The hospital can be a dangerous place, as anyone who has ever been there knows. Patients go to the hospital to get better, but all too often they come out even sicker than when they went in!
Hospitals, of course, are full of sick people, meaning that they are full of germs. But there's another, more nefarious danger: Mistakes made by overburdened staff, especially in the administration of medicines and treatments. Statistics show that medical errors are the fifth leading cause of death and exact a greater toll on human life than motor vehicle accidents, breast cancer or AIDS – and deaths from such errors are growing at a rate of at least 1% annually!
One of the reasons for this problem, says Dr. Jack Nusbacher of Israel's Pro-IV, is because hospitals rely on the “human element” for the execution of a patient's treatment. Despite hospitals' best efforts to remain organized, they are tense places; and although doctors and nurses are trained to stand up to pressure and perform even under the most difficult circumstances, it's almost inevitable that they will make mistakes – and sometimes those mistakes can cost lives.
Pro-IV offers a solution to this problem: a computerized medical management system that ensures that caregivers must meticulously follow the standard operating procedures (SOPs) when administering drugs. Any deviation from the plan, and the system that administers infusions of medications won't work.
The Pro-IV system is based on a proprietary valve which is attached to an IV feed, the typical method of medication delivery in hospitals. The disposable valve is connected to a controller, which acts as a regulator and flow monitor and which regulates IV flow, rate and duration of infusion. The system is controlled by a handheld device, which checks the patient's treatment protocol, described in a barcode on the patient's chart or wrist band. When it's time for a dose, the handheld device reads the barcode, and checks the medication, dosage, timing, and contraindications of the IV in question; it then checks with the controller to ensure that everything is in place.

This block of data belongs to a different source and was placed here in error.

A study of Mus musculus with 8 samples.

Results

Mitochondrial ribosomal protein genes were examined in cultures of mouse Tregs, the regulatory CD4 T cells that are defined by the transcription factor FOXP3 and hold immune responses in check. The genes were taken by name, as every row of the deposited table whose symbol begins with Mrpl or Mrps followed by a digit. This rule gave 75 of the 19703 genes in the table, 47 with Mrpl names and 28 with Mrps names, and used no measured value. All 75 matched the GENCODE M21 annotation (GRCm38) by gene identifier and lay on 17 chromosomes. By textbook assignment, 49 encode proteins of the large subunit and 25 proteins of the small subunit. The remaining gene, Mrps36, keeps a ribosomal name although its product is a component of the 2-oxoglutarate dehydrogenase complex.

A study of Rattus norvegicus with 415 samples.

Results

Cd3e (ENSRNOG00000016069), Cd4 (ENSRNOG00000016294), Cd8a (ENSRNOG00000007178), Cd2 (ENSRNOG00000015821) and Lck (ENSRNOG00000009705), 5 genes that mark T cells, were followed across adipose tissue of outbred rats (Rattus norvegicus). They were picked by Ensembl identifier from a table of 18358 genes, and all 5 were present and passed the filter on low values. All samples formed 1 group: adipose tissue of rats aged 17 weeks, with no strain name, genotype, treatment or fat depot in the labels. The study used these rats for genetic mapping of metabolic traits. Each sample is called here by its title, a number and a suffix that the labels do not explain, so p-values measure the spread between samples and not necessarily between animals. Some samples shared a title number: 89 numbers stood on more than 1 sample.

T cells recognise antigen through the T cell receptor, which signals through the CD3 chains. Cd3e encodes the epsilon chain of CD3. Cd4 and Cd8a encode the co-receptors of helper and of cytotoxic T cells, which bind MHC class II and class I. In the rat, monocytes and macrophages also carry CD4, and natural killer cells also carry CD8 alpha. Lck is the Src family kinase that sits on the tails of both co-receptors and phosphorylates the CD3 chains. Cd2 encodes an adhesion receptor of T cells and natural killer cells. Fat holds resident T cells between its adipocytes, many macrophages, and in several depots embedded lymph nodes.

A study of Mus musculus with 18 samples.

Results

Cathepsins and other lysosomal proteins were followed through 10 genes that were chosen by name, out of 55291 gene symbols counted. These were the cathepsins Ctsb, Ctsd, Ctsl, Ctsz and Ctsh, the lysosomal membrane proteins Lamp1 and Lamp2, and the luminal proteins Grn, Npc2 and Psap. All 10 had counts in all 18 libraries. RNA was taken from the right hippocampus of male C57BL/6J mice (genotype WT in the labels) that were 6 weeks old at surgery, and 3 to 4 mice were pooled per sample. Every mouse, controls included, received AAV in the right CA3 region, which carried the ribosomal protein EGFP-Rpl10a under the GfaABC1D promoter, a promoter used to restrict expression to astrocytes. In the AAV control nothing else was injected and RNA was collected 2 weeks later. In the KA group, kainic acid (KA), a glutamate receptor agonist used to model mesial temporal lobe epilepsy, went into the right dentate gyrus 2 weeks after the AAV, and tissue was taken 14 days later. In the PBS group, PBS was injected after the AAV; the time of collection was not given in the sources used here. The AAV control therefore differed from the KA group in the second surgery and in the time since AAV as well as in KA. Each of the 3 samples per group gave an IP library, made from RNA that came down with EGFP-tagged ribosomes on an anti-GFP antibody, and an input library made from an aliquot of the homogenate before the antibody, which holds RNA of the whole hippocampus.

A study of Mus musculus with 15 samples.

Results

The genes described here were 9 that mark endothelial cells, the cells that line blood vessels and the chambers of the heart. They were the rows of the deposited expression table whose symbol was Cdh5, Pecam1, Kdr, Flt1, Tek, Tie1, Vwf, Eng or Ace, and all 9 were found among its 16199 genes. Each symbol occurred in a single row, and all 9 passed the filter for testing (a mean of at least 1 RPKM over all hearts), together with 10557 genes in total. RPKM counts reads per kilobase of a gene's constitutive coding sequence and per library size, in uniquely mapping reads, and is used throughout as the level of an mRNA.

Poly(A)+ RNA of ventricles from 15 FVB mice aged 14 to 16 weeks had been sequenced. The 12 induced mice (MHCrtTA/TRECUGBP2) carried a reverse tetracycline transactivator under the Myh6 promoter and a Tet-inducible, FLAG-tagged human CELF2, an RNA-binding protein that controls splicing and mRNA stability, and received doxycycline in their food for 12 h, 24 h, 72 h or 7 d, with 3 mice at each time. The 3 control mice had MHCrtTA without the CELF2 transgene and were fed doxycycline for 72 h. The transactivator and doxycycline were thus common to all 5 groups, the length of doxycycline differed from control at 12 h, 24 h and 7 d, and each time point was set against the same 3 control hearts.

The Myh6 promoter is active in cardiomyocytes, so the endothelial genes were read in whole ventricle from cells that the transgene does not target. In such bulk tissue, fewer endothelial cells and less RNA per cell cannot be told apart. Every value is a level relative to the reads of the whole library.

If everything checks out, the handheld device allows the controller to open the valve – and the IV dose is delivered to the patient's bloodstream. Otherwise, an alarm sounds, indicating that the patient is in need of a dose that has not yet been administered. Once the patient has received treatment, the incident is recorded on their hospital record, enabling doctors and nurses to easily check the record.
It's a near-foolproof system, says Nusbacher, and “far superior to any other management system. There are no other systems available today that are designed to prevent errors in gravity-driven infusion systems, which are by far the most widely-used approach for intravenous administration of medications,” he says, adding that “our mission is ensure that the right patient receives the right drug in the right dose at the right rate in the right sequence and at the right time.”